Indigenous Knowledge? Yes, It’s Global Knowledge
By The Editors
Sharing global knowledge? Yes, indispensable knowledge on the preservation of ecosystems and biodiversity, the sustainable use of protected natural areas, as well as development and food security — all related to the indigenous peoples of Africa, Asia, Latin America and other countries, such as Canada and Australia. Indispensable knowledge that is being shared these days (May 26 – 29) in the capital city of Australia’s Northern Territory, Darwin.
The occasion? The first World Indigenous Network (WIN) conference, which calls on native delegates from over 50 countries to help build a strong foundation for an innovative and well-grounded enduring World Indigenous Network.
According to the World Indigenous Network website, “The journey of the World Indigenous Network began on a warm day in August 2011, when two men, sitting on the shores of the beautiful Sunday Island, part of the Buccaneer Archipelago in the West Kimberley of Western Australia, talked about the idea of an international knowledge sharing network for Indigenous land and sea managers. They formed a partnership that day, with a desire to share their vision with the world. These two men were Tony Burke, the Australian Government Environment Minister and Wayne Bergmann, the CEO of KRED Enterprises. The Kimberley Land Council in Western Australia established KRED to seek out and develop business and job opportunities for the Kimberley Aboriginal people.”
Indigenous knowledge – which brings together different facets of knowing, seeing, and thinking that are passed down orally from generation to generation and result from thousands of years of experimentation and innovation – is global knowledge, knowledge that we can all use to face development and environmental issues.
Knowledge is meant to be shared and the goal in this program is to share knowledge globally, which is very interesting and different. Fifty countries will work together to build a WIN, which is a great number of countries working together on one goal, which is knowledge! Indigenous knowledge comes from indigenous communities that pass their knowledge from generations and keep it in there community. An example would be grandma’s secret ingredient for her pie. It is something that maybe only the family knows but the rest of the community could find it useful as well. That is just a peculiar example so readers can relate. I believe that the knowledge that will be shared will be sacred and useful because it has not been shared with the rest of the world as of yet, and when it will, it will make the world know more about the area and environment which can be very useful.
I think having the WIN Conference is a great way to help increase the initiative of everyone involved and get others informed. The conference seems like a way to share knowledge practiced by various populations. I hope that this project quickly spreads to more than just the fifty nations. My only concern is the methods it will be enforced in those nations. It seems as though it will still be dependent on government assistance.
I like the concept of the WIN conference and its purpose of sharing indigenous knowledge with fifty other native delegates. I truly believe this will share a side of native indegineous groups that we’ve never seen before. These indigenous people hold years of experience with facts passed down to them through generations. These people not only hold valuable facts, but share a common ritual with their passed ancestors, something that may not be as common today. I’d like to see the outcome of this conference once it comes to a close and see the impact it has on all of the delegates and also to see how many commonalities they share.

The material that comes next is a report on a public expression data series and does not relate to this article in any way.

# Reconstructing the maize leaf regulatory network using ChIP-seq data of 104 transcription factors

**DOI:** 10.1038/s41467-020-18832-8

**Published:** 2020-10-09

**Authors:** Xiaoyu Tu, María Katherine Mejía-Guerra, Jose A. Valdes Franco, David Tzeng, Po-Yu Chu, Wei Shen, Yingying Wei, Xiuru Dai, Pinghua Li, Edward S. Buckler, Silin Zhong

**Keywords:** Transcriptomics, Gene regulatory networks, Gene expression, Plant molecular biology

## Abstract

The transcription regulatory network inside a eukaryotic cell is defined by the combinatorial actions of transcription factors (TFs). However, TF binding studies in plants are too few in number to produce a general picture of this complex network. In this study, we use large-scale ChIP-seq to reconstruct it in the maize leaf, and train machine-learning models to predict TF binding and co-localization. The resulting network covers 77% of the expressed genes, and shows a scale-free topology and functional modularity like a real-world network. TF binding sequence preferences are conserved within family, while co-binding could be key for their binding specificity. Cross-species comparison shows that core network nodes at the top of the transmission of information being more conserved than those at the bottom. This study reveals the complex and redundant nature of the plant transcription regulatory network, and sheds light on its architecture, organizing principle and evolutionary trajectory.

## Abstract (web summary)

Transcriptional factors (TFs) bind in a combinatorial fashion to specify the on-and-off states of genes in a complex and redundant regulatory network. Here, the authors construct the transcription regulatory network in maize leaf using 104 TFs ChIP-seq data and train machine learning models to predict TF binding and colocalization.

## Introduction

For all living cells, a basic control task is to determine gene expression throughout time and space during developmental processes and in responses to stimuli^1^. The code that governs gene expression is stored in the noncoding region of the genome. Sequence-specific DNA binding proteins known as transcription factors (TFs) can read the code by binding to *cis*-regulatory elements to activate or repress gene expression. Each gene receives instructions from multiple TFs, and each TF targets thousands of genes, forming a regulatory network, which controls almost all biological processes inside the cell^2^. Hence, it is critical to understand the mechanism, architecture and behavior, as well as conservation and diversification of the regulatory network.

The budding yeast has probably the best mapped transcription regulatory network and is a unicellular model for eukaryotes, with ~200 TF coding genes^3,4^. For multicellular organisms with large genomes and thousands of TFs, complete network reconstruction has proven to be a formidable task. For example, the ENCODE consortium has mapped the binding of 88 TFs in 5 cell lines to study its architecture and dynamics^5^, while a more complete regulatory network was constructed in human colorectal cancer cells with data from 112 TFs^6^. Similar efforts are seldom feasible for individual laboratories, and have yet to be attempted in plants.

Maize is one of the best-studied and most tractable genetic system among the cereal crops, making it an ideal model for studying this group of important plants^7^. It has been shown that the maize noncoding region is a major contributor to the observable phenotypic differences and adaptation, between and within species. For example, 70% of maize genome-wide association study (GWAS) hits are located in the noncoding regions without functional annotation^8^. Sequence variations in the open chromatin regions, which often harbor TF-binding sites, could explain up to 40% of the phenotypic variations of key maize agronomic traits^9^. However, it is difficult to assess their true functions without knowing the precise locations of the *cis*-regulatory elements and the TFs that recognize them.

I completely agree with the comment above. Indigenous knowledge combines every aspect of the culture passed down from generation to generation. The conference will be great in building a strong and steady foundation, one in which future generations will uphold. It is important to share this knowledge and build off this knowledge to create a brighter and more innovative future.
As the post says, the conference run from May 26 to May 29, so we can now talk in terms of outcomes. Here are just a couple of them: According to the Inter Press Service News Agency, indigenous people from around the world shared best practices in conservation of ecosystems and biodiversity and in the sustainable use of protected natural areas in Africa, Asia, Latin America, Canada and Australia. However, one of the closing session 10 speakers said that the big challenge is to consolidate “the indigenous network so its collective voice can be heard” and to get governments to implement its proposals. I think it will be interesting to see what the response from the various governments will be.
As there is for anything, I’m sure that there will be both positive and negative responses from the various government agencies. Hopefully, majority will be in favor of spreading indigenous knowledge. Also when referring to the “collective voice” of the indigenous people I hope that all voices are taken into consideration and not just the loudest.
Similarly to alejaaa21 I do think the WIN concept is a interesting concept because it allows people from around the world to connect with one another by sharing information. The ability to receive information from indigenous people living in remote areas of the world offers people a chance to learn about different cultures. This conference also provides an outlet for important issues to be addressed such as the effects of industrial activities on indigenous communities. With the amount of activities being conducted pollutant contaminate many areas of the global environment including soil, water, and air. Because indigenous people do not have access to modern day technologies or treatments pollutants pose a greater threat on these people.